Kirsten Walsh writes…
In his first optical paper, Newton claims that he has performed an Experimentum Crucis, which proves that refrangibility is an original property of the light, not an effect of the prism:
- …the true cause of the length of that Image was detected to be no other, then that Light consists of Rays differently refrangible, which, without any respect to a difference in their incidence, were, according to their degrees of refrangibility, transmitted towards divers parts of the wall.
This experiment and its role in Newton’s theory of colours raises some questions that I’m not really sure how to answer. I hope you can help me.
Firstly, let’s have a closer look at this Experimentum Crucis:
White light travels from the Sun (S), through the first aperture (F), through the first prism (ABC), where it is refracted for the first time, producing an image on the first board (DE). A small amount of light passes through the second aperture (G), producing an image on the second board (de). A small amount of light passes through the third aperture (g), through the prism (abc), where it is refracted for the second time, producing an image on the screen (MN). Newton “took the first Prisme in [his] hand, and turned it to and fro slowly about its Axis”, so that different parts of the refracted image could pass through the apertures to the second prism. He took careful note of where each image appeared on the board MN.
Newton finds that each time a particular ray passes through a prism it refracts to precisely the same degree. For example, light that refracts to 50 degrees at the first prism refracts to 50 degrees at the second prism as well. Newton argues that this shows that refrangibility is an original and constant property of light.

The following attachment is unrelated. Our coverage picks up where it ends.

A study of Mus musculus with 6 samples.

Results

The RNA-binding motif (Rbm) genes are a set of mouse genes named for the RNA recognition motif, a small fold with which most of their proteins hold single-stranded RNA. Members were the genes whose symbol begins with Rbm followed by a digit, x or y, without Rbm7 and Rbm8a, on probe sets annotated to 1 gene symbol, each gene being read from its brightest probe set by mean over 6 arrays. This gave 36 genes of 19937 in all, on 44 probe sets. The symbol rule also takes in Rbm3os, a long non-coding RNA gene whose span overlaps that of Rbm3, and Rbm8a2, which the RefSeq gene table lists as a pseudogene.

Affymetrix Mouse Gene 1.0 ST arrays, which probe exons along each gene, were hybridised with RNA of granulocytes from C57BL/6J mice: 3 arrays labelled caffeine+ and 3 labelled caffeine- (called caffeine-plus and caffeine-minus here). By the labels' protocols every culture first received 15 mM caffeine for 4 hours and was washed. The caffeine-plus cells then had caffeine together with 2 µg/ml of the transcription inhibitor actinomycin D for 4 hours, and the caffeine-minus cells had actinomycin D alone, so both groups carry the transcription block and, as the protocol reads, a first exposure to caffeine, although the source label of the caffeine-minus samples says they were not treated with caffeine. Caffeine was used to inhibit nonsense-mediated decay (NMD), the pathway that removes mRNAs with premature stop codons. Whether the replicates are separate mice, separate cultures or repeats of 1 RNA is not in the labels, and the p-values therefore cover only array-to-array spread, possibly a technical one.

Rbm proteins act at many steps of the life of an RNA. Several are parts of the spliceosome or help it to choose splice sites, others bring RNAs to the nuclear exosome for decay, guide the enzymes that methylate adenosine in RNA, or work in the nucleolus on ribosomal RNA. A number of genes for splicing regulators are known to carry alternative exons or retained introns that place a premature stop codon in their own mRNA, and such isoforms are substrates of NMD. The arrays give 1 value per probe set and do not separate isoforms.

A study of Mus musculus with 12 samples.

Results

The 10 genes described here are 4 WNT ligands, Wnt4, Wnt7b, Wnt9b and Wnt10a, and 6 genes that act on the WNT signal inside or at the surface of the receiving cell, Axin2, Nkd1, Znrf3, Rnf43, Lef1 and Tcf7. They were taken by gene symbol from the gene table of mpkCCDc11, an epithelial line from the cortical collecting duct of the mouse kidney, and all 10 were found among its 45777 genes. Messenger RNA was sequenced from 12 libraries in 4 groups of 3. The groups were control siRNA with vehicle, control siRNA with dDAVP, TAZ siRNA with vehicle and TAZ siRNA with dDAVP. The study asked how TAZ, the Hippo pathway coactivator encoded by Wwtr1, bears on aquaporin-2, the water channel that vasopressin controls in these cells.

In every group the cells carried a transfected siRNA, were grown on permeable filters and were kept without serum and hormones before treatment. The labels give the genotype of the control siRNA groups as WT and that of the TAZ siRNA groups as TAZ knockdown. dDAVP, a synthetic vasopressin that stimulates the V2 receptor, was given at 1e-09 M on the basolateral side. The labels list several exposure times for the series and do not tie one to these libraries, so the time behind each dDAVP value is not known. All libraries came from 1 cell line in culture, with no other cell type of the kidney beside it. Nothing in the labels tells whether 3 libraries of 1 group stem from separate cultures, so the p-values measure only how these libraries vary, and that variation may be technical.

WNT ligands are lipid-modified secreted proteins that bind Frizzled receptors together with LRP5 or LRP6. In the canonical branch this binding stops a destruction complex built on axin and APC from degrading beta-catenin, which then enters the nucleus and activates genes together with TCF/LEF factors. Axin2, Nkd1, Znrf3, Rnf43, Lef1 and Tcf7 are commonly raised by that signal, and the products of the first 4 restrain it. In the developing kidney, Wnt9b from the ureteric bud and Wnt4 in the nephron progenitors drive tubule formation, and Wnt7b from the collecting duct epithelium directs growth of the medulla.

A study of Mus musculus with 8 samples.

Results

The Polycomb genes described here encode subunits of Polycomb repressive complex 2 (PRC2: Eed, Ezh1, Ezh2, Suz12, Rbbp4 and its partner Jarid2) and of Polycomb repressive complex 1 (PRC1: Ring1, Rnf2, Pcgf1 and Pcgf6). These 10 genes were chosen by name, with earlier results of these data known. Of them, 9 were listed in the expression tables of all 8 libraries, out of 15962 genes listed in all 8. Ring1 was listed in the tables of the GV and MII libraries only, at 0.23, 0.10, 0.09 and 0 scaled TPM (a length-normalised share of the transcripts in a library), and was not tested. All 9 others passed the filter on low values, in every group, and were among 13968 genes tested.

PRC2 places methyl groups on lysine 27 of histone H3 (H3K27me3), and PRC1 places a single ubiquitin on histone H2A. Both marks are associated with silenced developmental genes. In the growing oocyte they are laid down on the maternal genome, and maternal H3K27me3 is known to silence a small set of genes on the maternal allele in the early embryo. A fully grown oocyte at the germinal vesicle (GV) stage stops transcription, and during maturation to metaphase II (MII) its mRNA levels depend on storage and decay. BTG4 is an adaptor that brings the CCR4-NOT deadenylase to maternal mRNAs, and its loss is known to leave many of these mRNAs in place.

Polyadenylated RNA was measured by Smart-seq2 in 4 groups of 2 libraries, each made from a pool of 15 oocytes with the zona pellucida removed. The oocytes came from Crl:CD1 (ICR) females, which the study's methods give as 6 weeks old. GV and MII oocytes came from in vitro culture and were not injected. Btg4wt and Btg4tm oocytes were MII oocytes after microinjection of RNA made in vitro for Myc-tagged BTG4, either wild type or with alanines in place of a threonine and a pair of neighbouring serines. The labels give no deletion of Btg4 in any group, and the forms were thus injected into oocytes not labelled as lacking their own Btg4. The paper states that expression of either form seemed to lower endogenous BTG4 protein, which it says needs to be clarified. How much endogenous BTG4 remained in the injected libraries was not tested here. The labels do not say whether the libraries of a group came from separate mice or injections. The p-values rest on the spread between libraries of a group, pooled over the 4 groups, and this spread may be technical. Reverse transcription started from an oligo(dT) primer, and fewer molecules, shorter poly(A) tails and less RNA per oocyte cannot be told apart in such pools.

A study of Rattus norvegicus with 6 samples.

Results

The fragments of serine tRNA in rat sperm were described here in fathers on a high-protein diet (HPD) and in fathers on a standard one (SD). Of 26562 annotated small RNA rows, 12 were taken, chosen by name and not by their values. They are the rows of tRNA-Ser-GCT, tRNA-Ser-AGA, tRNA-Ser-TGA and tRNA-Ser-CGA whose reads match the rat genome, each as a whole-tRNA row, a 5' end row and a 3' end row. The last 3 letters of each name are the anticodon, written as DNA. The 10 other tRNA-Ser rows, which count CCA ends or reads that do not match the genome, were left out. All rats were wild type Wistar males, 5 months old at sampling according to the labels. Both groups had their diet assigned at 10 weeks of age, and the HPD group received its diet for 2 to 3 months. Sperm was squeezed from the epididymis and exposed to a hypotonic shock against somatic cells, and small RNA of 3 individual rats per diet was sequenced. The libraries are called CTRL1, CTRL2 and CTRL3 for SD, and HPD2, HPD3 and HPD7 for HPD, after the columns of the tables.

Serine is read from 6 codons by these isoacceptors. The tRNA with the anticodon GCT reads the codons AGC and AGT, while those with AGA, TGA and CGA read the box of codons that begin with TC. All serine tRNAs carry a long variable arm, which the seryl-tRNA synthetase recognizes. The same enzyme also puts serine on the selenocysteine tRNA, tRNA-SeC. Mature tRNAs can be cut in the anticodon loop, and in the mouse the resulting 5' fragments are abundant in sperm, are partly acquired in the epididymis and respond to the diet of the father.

Newton’s Experimentum Crucis was heavily criticised by his contemporaries. Hooke, for example, argued that this experiment is not a crucial experiment, because it does not prove that colour is an original property of light. Hooke believes that light becomes coloured as it passes through the prism, and Newton’s experiment does not convince him otherwise.
While colour is conspicuously absent from Newton’s discussion of this experiment, this line of criticism is extremely common. For example, Newton’s contemporaries, Hooke, Huygens and Pardies, and more recently, writers such as Sabra and Bechler have all made criticisms along these lines. As I have previously discussed, Newton used mathematics and measurement in order to achieve absolute certainty. So it is no accident that Newton only discusses refrangibility and not colour in this experiment.
Newton concludes that white light is composed of rays of every colour in equal amounts, but he argues for this in two steps:
1) Light is a “Heterogeneous mixture of differently refrangible Rays”; and
2) There is a one-to-one correspondence between refrangibility and colour.
So, while the Experimentum Crucis only supports step (1), it is often mistaken as an argument for Newton’s conclusion. Newton takes a great deal of care to establish (1) experimentally, but he seems to take little care at all to establish (2), and hence, the conclusion. In his first optical paper he simply asserts it as proposition 2; in his reply to Huygens he asserts it as a note to his definitions.
This raises two questions. Why did Newton take so little care over step (2)? How did Newton’s main opponents miss this lack of care?